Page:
Grief counselling – what to expect

March 29, 2018   //   No Comments

SAIF thanks Luella Glover Wilson of Professional Help for this article:

If you have never experienced counselling before, the idea can be a little daunting at first. You might be feeling lost and vulnerable and you really want to feel better and counselling is supposed to help – but you find yourself anxious and unsure about the process or about what expectations you should have or which there might be of you.

The counsellor is there to listen, not to judge, and there are no expectations of you. They are there to hear about your feelings, your experience and your thoughts, which will be unique to you. You can share as much or as little as you choose. The counsellor will show you that they have properly heard you; they may reflect back to you using your own words, or they may use their own words to repeat what you have told them. They may, occasionally, want to clarify what you have said to show that they have properly understood. The counsellor is there as someone who might be a little more aware of the effects of loss and bereavement than you might be, and that makes them not an expert, but a guide – as you navigate the grief. Indeed, it is you who is the expert – on yourself. You know what is ‘usual’ for you and what is not, so what you feel ok with, and what you do not. If there is a reaction or emotion which seems very strange or out of place, the counsellor will hope to reassure you it is natural to feel that way. The counsellor will aim to enable you to accept what is happening for you, and what your feelings are, without guilt or blame.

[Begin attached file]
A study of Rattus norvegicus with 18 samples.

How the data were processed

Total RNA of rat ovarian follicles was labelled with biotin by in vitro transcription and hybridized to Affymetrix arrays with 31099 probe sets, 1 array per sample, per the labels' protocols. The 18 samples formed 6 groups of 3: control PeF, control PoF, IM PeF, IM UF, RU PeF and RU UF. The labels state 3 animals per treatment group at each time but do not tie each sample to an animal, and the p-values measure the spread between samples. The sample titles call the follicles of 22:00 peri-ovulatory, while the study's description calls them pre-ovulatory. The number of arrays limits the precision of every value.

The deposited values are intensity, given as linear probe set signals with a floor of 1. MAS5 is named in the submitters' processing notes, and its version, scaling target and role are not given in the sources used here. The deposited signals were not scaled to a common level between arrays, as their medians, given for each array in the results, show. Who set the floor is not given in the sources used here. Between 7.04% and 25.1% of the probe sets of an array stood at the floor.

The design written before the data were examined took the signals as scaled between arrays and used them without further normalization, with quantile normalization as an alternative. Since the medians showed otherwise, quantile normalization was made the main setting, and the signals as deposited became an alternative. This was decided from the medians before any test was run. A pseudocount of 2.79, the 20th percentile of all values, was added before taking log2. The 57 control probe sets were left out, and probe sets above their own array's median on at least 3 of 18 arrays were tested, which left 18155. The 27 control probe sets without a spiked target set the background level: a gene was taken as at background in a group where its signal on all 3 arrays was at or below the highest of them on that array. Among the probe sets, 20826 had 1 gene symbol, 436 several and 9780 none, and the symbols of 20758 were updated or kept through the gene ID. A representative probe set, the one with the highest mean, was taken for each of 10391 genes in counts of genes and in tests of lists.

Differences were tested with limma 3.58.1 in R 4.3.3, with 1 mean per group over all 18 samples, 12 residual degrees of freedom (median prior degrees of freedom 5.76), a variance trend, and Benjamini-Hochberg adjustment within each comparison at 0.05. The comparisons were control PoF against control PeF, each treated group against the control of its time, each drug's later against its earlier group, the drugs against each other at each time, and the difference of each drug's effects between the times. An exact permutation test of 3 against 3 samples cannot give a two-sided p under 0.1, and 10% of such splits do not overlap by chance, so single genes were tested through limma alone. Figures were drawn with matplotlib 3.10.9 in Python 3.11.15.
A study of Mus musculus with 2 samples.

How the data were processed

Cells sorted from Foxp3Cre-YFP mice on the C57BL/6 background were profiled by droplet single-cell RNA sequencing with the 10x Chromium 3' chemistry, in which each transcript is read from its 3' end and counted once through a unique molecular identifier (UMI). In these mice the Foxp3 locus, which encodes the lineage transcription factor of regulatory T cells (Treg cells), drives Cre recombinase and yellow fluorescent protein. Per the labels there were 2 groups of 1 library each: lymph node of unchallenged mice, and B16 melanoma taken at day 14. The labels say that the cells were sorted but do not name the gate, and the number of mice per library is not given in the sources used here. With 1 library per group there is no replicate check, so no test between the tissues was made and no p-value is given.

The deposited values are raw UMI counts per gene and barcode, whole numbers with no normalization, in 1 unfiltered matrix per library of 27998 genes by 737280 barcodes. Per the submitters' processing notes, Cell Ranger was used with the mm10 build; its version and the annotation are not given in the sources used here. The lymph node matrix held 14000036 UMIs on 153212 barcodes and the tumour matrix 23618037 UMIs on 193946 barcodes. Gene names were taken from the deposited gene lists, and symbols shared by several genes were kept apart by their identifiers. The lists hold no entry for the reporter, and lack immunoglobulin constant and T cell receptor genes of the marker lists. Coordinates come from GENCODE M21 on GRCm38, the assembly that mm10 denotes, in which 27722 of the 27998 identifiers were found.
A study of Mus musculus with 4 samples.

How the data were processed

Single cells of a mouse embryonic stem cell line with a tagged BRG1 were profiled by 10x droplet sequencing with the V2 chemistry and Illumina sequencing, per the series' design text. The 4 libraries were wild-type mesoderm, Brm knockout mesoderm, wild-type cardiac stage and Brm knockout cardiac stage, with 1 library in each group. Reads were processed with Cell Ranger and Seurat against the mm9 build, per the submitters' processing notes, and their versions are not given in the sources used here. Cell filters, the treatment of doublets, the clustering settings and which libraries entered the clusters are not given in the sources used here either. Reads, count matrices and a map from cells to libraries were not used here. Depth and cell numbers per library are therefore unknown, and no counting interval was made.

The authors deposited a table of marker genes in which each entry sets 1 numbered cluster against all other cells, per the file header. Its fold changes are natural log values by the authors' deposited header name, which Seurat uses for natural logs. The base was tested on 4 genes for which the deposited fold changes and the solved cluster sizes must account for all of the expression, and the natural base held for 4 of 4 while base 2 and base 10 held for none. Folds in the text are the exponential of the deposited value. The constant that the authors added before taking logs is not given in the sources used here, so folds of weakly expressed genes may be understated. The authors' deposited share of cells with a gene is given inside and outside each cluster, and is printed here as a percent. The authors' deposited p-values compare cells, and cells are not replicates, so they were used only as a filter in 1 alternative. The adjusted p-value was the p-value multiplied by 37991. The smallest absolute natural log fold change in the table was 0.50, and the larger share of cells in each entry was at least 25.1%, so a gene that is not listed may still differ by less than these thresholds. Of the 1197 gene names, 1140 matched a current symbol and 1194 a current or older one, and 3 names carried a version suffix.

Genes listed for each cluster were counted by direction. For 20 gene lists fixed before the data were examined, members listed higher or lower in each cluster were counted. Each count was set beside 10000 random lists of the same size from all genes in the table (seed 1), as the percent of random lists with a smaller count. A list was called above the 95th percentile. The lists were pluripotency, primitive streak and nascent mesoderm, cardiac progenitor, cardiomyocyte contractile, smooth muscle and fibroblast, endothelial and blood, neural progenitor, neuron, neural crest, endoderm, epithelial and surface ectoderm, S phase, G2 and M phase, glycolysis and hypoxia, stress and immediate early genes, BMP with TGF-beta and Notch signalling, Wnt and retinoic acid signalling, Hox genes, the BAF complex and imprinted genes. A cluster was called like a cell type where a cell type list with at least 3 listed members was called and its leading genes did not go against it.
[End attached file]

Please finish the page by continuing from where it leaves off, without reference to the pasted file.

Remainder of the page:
Grief can seem to take a long time to accept, and the length of time before this can happen varies greatly from person to person, and with different losses. This is because each bereavement is unique. The counsellor will aim to help you to understand that, and to enable you to allow yourself the time that you (and no one else) need. You might experience pressure from friends or other family members to have ‘got over it by now’, or to be ‘feeling better by now’, which feels impossible, and this can cause isolation, guilt and shame, which can lead to feelings of depression. The counsellor will aim to encourage you to recognise ways, which you might already use, that can help you protect yourself from pressure to conform to others’ expectations of you.

The space provided by the counsellor will offer confidentiality and a sense of safety. Each session will be for an agreed length of time, usually about 1 hour, which is exclusively for you, as regularly as you need it. The number of sessions will be confirmed at the start of counselling but can be fewer. If more sessions are needed then this can be talked through.

Professional Help provide SAIF Care, our bereavement counselling service which provides a telephone helpline, email advice and up to six face to face sessions. It is available for free to any family who arranges a funeral with a participating SAIF independent funeral director. 

SAIF Members may opt in to this additional service to the usual membership subscription. Find out more details, including costs, on the Member’s area here. (You’ll need to login to the Members’ area first.)